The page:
I am a strong believer in the "Teacher-as-Scholar/Scientist" model of higher education. In use for many centuries, this model places those who are leaders in their substantive fields in higher education instruction roles. Often times these experts (myself included) do not have degrees in professional education. For many students, this begs the question -- why?
My teaching philosophy (and this statement) is in large part an answer to the "why" question. In the United States, we overwhelmingly use professionally-trained teachers -- those whose post-baccalaureate training is in the field of Education -- for primary and secondary education. And for very good reason. The material covered at these levels generally is well-established, the students have (cognitively) developing minds, and teaching methodology is of critical importance to ensuring as many students as possible are able to learn fundamentals society expects of basic education. And then comes the "jump" to college... and a completely new set of experiences. This can be quite jarring for students accustomed to the model predominant throughout K-12 education. Yet making this adjustment is critical to success in higher education and the professional and academic pursuits for which it prepares students.
My teaching philosophy focuses on two primary benefits from the Teacher-as-Scholar/Scientist model. The first is perhaps more widely-known and agreed upon in higher education: having those who teach be experts at the forefronts of their fields helps keep topics relevant to what is coming (rather than what's past), facilitates deliberative (or "deep") learning, and helps ensure that the learning process will be contextualized within broader knowledge of where the field is likely to move. While this requires a bit more "self-starting" on the part of the student, it is a well-established process that helps students "learn how to learn," a critical skill for professional success.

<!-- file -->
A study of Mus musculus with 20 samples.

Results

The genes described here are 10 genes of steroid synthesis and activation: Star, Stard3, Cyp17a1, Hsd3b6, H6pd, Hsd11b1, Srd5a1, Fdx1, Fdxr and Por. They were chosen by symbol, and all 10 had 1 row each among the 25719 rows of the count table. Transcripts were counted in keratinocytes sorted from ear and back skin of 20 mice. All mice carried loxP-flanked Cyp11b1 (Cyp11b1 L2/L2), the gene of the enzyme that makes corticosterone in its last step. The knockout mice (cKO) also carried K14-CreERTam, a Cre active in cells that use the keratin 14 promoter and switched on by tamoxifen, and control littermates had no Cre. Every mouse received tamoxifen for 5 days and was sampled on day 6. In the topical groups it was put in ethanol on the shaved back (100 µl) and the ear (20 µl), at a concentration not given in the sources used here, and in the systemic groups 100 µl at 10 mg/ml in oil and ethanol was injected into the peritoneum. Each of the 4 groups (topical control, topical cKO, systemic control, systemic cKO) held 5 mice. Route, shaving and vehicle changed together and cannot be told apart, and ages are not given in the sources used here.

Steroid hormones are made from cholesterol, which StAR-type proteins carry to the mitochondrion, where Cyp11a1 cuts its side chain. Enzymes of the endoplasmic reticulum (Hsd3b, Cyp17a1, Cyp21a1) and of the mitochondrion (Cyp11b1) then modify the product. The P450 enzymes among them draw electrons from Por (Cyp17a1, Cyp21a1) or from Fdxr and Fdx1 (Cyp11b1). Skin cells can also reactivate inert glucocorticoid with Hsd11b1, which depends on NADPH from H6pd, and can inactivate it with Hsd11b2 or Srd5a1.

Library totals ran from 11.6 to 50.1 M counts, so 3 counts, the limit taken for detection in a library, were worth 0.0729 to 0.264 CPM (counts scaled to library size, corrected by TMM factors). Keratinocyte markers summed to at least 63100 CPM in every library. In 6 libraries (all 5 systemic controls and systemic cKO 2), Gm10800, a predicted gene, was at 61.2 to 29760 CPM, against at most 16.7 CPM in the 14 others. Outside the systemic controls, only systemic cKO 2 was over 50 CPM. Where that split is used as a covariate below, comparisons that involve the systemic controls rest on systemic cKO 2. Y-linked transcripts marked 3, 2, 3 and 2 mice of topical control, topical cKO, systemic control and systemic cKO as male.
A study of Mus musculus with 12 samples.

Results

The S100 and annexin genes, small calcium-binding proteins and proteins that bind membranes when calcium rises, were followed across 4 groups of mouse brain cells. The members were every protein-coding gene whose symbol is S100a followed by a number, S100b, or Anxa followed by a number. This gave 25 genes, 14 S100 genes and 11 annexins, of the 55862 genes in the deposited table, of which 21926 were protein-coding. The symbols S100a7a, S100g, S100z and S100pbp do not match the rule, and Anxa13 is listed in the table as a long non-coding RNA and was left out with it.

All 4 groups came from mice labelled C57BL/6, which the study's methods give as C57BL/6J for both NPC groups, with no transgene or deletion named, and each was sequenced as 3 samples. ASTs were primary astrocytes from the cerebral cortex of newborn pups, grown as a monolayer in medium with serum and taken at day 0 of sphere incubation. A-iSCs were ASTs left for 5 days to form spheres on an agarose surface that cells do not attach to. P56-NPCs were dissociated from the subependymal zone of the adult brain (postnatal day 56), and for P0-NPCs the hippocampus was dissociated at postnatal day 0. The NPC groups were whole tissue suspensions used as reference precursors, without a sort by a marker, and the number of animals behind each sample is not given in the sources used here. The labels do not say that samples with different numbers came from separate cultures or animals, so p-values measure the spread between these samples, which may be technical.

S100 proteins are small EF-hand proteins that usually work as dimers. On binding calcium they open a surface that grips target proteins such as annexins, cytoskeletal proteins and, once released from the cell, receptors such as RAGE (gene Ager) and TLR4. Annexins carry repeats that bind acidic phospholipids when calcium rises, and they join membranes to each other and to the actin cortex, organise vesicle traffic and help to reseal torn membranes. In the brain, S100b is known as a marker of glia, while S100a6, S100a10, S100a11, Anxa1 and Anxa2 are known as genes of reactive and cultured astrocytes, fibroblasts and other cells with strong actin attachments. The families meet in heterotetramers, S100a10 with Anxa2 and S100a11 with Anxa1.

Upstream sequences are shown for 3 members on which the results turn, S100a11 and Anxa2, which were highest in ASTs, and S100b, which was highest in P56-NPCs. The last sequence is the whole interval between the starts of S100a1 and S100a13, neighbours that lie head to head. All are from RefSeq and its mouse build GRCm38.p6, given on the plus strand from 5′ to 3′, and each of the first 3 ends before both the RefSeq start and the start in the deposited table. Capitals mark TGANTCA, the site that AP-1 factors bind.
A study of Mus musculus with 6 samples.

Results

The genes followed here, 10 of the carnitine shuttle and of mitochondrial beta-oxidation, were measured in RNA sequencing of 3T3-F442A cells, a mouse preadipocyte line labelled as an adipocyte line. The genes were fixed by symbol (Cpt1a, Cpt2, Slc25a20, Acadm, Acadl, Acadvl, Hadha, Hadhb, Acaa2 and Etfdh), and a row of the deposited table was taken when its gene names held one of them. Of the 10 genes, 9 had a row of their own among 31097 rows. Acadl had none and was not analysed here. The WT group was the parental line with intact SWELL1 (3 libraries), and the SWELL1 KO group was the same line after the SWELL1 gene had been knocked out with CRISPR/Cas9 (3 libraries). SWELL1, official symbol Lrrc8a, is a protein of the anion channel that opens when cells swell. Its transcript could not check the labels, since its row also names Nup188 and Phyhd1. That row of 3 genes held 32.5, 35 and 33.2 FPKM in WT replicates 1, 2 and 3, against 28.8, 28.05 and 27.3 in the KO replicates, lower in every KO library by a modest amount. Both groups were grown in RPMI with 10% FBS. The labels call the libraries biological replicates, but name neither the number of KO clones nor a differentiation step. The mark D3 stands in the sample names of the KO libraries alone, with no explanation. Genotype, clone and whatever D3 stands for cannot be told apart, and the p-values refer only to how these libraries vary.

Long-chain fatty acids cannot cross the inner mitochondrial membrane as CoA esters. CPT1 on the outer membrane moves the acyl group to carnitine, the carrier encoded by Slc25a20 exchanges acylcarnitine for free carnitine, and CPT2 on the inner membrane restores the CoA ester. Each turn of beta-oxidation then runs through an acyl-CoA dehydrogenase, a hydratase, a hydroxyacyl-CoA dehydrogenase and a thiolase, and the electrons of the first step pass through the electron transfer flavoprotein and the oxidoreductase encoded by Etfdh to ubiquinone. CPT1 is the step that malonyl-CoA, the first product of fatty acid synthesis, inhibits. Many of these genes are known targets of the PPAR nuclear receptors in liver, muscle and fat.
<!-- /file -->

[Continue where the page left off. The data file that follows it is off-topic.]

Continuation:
The importance of "self-starting" brings me to the second benefit, one which I think is not well communicated to contemporary students. The process of "adapting" one's learning to an "expert instructor" (as opposed to a "professional instructor") reinforces a key practical learning objective -- the ability to learn, grow, and develop professionally under the guidance and supervision of someone other than a professional teacher. In other words, it is practice for real life.
Regardless of whether your plans include professional work or continued academic study, those with whom students will be working overwhelmingly will not be professional teachers. Most will not have any training in educational methods and learning models. They will, however, have at least some substantive expertise in their respective fields. The Teacher-as-Scholar/Scientist model helps prepare students for the reality of modern professional life by providing this "practical" experience of adapting to learning and working independently. With the important advantage of the "net" of doing so in the academic environment.